It’s obvious really, isn’t it? Hurting yourself is wrong! So the caring, loving thing to do is to try and stop a young person from harming themselves in any way we can.
Taking away anything sharp, checking for cuts or burns, telling them they need to stop - maybe even imposing ‘consequences’ to stop the behaviour. It all makes sense and if this doesn’t work then clearly they have some kind of mental health problem and we need to find a specialist who can fix them.
But hang on a moment… this weird behaviour may not be as weird as we think. How many of us have habits or make choices that harm us in some way? Whether we are smokers, drink rather a lot, enjoy our food a little too much, or work too hard, most of us do something that we know affects our health in a negative way, yet it is really difficult for us to stop. Indeed, many of us have a knee-jerk reaction to increase that behaviour if someone attempts to control us for our own good.
We often explain away these behaviours to ourselves and others because they help us cope with stress. In no way am I attempting to trivialise self-harm. Whether it is the first or hundredth time that a young person hurts themselves, the act has enormous meaning.
We now know that deliberate self-harm is actually relatively common in the general adolescent population. Around fifty percent of young people in residential care have hurt themselves in this way, and for most of them self-harm is a way of coping with the overwhelming distress evoked by past trauma, current pain or both.
Young people may say that it reduces stress, helps to externalise the emotional pain or provides them with comfort. Although it may help them to communicate their pain, it is very rarely a device for seeking attention. Importantly, for many young people, who may have had little control over their lives, and in some cases have had others exert brutal control over their bodies, the act of self-harm gives them a sense of control that is very precious to them.
If we then attempt to exert control over this behaviour we run the risk of alienating the young person and forcing them to hide their self-harm, so that it becomes impossible to talk about. A few young people also tell us that, if they did not self-harm, they would kill themselves - for them this behaviour is literally a way to stay alive.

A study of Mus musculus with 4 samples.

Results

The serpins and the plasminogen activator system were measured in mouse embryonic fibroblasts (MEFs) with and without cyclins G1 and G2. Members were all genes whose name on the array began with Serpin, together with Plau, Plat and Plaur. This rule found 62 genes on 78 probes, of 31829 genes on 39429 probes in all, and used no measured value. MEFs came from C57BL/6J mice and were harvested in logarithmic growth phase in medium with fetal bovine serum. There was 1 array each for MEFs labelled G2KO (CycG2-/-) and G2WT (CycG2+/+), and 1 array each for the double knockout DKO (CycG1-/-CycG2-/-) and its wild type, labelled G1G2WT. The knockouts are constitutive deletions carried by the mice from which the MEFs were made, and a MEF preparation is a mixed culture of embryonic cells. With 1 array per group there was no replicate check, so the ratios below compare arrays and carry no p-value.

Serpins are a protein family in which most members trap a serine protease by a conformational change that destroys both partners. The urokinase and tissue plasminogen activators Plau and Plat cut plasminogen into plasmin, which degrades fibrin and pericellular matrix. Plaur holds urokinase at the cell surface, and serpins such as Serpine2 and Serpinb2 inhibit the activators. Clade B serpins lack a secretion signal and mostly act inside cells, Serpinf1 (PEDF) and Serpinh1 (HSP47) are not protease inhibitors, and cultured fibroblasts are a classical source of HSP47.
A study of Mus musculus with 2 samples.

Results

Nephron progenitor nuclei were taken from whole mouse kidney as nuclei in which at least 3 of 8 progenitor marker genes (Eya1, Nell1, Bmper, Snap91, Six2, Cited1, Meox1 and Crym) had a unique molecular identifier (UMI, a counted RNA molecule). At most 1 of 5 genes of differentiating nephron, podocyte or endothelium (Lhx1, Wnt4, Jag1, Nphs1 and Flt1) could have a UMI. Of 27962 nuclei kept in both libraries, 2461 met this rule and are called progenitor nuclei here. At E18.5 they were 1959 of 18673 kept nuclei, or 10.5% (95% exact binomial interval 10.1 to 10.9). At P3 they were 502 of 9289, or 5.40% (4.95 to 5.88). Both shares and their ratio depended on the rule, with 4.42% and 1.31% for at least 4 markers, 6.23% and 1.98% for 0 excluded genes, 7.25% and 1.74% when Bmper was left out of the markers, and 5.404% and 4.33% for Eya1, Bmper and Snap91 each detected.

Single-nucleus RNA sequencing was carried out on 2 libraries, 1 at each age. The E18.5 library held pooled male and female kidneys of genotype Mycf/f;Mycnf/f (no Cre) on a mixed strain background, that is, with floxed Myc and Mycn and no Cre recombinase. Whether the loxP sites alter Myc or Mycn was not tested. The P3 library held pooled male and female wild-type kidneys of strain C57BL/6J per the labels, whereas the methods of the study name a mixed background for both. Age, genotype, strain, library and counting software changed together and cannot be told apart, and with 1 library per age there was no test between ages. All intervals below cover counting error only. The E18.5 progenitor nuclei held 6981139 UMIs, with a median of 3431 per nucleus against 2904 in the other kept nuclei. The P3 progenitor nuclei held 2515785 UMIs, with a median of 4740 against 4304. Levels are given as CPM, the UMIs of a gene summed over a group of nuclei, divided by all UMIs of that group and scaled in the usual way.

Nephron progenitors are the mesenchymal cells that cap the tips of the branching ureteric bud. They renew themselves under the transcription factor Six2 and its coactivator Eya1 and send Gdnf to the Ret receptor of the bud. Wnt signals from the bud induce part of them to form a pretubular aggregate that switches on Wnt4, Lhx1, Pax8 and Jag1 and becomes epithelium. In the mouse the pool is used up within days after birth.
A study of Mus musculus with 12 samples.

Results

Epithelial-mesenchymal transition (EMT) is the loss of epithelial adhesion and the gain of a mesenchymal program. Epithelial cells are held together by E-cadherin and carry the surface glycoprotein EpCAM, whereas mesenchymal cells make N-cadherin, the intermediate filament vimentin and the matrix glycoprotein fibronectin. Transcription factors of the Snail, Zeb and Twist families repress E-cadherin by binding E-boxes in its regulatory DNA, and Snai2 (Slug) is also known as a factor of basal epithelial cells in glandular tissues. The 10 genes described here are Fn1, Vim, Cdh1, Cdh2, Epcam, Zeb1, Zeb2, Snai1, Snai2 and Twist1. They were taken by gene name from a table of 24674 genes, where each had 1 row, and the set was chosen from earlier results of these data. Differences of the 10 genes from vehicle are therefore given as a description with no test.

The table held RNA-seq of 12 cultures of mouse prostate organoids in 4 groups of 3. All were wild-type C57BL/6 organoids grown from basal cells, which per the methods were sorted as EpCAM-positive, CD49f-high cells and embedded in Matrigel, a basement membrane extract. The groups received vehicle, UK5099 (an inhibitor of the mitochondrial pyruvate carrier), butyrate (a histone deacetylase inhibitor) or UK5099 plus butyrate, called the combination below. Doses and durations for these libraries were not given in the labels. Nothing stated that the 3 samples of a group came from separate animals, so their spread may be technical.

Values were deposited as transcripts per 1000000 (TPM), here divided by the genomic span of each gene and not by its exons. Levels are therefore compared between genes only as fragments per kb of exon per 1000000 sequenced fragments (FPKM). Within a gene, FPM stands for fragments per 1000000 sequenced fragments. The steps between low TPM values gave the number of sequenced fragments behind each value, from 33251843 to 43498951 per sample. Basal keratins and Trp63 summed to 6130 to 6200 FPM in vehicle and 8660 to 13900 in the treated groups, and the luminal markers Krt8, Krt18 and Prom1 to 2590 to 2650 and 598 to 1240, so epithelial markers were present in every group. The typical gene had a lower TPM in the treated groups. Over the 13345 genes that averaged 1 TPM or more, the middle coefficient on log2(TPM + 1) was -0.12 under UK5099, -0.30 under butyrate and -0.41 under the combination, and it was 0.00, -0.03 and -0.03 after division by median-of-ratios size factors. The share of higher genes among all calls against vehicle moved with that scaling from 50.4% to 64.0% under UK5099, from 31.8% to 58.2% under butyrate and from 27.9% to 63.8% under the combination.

Our job is to care for and protect young people. However much we can understand with our heads what may be happening, often our hearts rebel and we just want them to stop. What is important, though, is that we see and respond to the pain and distress behind the act rather than focusing on trying to control the behaviour.
If we are able to connect with young people in this way then we can support them to deal with their distress, and, in their own time, find alternative ways of managing stress that do not involve causing harm to their own bodies.
From this position we are also better able to engage in conversations with young people about the dangers of different kinds of self-harm, and work with them to minimise the risks they take. It is, for example, never safe to take an overdose, and ligatures present an immediate risk to life, yet the most common self-harming behaviours such as cutting or burning, are rarely life threatening.
Knowing that a child is hurting themselves, however, is overwhelmingly painful and frightening for the adults caring for them. It not only evokes feelings of concern and sympathy, but also guilt, anxiety, and at times despair.
Moreover, there is the ever-present worry that something will go wrong and blame will fall on the individual, team or organisation responsible for caring for the young person. No-one should be managing this burden of responsibility alone and unsupported.
In residential teams we need to be talking about our values, our policies, our practices and our pain. We also need quick and easy access to other professionals, such as mental health specialists, for consultation, or in an emergency.
Right now these supports are rarely in place. This leaves everyone vulnerable - especially the young people we love and care for. It is essential that we find a way to navigate this complex issue so that children’s distress is recognised and soothed, workers are given emotional support to stay connected to children’s pain, and organisations create policies and procedures that liberate good practice rather than constrain it.
The views expressed in this blog post are those of the author/s and may not represent the views or opinions of CELCIS or our funders.